Some schools and colleges were on Easter break last week, this means estimates are not directly comparable to previous weeks
- Settings on Easter break have been excluded from our estimates to give the clearest picture of attendance
- This commentary focuses on data as of Wednesday 31 March which represent around two-thirds of state-funded schools instead of all schools 
Pupil on-site attendance
- Pupil attendance in state-funded schools was 90% on 31 March, excluding those on Easter break
- Attendance was 93% in state-funded primary schools
- Attendance was 87% in state-funded secondary schools
- Attendance was 82% in state-funded special schools
Attendance in further education colleges
- Approximately 201,000 students attended colleges on-site on 31 March, excluding colleges on Easter break
Attendance of vulnerable children and pupils eligible for free school meals
In state-funded schools on 31 March, excluding those on Easter break:
- Attendance of pupils with an education, health and care plan (EHCP) was 84%
- Attendance of pupils with a social worker was 81% 
- Attendance of pupils eligible for free school meals (FSM) was 85%
Attendance of vulnerable children and pupils eligible for free school meals is typically lower than for other pupils.
Pupil attendance by region
Local authority and regional level data are now included in this publication for the latter half of the 2020/21 Spring term (from mid February to early April). See the ‘Attendance by local authority’ section and underlying data table 1c.
- Following wider opening of schools, attendance in state-funded schools was highest in the South East and South West (92% on 25 March) and lowest in Yorkshire & Humber (86% on 25 March). This compares to 90% nationally on 25 March.
- Areas with low attendance are generally those with higher rates of COVID-19 in the population at that time and vice versa.
Early years settings
- The early years local authority survey continues on a weekly basis. We estimate 730,000 children are currently attending early years childcare settings on Thursday 1 April – about 49% of the number of children who usually attend childcare in term time . Due to many children attending EY settings on a part-time basis, we would not expect all children to be in attendance on the day of the data collection. On a typical day in the Spring term we expect attendance to be 1,052,000, due to different and part-time patterns of childcare during the week . We estimate that the 730,000 children currently attending early years settings is approximately 69% of the usual daily level.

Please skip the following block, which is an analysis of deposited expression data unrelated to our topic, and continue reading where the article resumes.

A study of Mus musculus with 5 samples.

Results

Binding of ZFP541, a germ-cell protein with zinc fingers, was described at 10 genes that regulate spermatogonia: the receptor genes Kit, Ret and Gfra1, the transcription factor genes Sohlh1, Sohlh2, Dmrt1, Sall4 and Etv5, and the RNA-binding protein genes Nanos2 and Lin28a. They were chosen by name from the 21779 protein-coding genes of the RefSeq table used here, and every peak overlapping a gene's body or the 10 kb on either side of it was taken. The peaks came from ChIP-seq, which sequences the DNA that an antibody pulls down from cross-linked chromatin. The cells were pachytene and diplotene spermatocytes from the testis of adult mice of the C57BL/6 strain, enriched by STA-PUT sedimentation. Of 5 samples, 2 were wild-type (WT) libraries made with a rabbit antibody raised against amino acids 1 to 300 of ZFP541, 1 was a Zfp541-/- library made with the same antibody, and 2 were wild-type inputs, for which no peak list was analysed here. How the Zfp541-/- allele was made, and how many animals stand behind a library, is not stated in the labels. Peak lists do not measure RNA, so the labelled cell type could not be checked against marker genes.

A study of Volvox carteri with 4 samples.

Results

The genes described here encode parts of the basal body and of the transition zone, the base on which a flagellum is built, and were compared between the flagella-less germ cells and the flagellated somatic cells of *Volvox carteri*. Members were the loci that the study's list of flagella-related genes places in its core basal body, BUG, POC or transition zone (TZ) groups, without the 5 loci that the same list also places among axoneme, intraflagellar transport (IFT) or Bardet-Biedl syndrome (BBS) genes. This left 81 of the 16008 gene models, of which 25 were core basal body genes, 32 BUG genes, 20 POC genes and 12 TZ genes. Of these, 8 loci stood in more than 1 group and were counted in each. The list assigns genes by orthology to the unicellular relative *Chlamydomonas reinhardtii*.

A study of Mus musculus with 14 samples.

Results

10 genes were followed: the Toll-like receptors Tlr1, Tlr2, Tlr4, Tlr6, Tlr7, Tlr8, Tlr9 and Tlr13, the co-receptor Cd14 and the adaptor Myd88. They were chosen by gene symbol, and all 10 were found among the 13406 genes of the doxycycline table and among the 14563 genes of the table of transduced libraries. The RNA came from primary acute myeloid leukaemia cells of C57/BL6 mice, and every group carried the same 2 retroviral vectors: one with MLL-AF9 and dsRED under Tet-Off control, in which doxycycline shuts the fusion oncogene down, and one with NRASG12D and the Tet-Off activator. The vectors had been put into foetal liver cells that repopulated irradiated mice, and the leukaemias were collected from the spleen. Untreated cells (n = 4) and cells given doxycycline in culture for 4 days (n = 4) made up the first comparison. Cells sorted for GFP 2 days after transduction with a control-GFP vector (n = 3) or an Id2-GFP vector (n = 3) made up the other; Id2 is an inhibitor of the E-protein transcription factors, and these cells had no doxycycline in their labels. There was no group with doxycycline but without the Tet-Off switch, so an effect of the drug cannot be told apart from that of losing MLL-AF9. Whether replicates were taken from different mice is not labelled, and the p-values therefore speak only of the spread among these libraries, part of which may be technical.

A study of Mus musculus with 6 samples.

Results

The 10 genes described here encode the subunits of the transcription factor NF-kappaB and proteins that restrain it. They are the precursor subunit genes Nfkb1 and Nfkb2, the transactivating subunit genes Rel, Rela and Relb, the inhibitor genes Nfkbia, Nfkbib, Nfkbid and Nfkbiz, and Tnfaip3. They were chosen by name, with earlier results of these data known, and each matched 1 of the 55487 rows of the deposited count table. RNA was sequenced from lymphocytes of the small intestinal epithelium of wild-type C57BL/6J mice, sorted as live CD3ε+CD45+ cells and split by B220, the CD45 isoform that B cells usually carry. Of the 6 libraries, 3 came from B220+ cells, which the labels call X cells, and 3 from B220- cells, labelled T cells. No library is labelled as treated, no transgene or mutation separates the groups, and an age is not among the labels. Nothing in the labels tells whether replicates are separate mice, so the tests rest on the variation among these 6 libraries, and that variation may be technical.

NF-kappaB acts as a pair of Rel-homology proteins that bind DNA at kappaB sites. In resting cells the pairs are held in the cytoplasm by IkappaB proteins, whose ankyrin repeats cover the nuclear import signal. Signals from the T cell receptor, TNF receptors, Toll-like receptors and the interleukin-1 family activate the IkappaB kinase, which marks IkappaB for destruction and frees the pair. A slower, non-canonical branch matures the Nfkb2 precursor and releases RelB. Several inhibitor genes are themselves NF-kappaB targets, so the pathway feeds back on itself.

The vast majority of schools in the following local authorities were on Easter break for all or part of week commencing 29 March: Barnsley, Bedford, Blackburn with Darwen, Bradford, Cambridgeshire, Central Bedfordshire, Darlington, Doncaster, Durham, East Riding of Yorkshire, Essex, Hartlepool, Isle of Wight, City of Kingston upon Hull, Kirklees, Knowsley, Lancashire, Leicester, Leicestershire, Liverpool, Middlesbrough, Milton Keynes, Norfolk, North Tyneside, North Yorkshire, Northamptonshire, Northumberland, Oxfordshire, Peterborough, Redcar and Cleveland, Rotherham, Sefton, Southend-on-Sea, Stockport, Suffolk, Sunderland, Thurrock, Tower Hamlets, Wakefield, Wirral, York. Some schools in other local authorities were also on Easter break or had inset days. Academies are not required to follow local authority term dates and schools can set their own inset days. We estimate 68% of schools were not on Easter break on 31 March.
 Pupils with a social worker are considered ‘children in need’. Our analysis after adjusting for non-response suggests that schools may be under-reporting the number of children with a social worker when compared to the most recently published children in need statistics. Therefore these estimates only account for pupils with a social worker that are identified by schools. Schools report on the form how many children with a social worker they have on roll. Our analysis suggests that the total number of children with a social worker differs by at least 30% compared to published figures for children with a social worker. This means our attendance figures for pupils with a social worker are likely to overestimate attendance.
 The number of children in term time was estimated using outputs from the Childcare and early years survey of parents: 2019 and ONS National Population Projections: 2018 based.
 LAs are asked to send attendance in EY settings on a typical day of the week. We have calculated normal expected daily attendance based on estimates of the average number of days a child spends in formal childcare on any given day, using the Childcare and early years survey of parents: 2019. For further details please see the methodology section.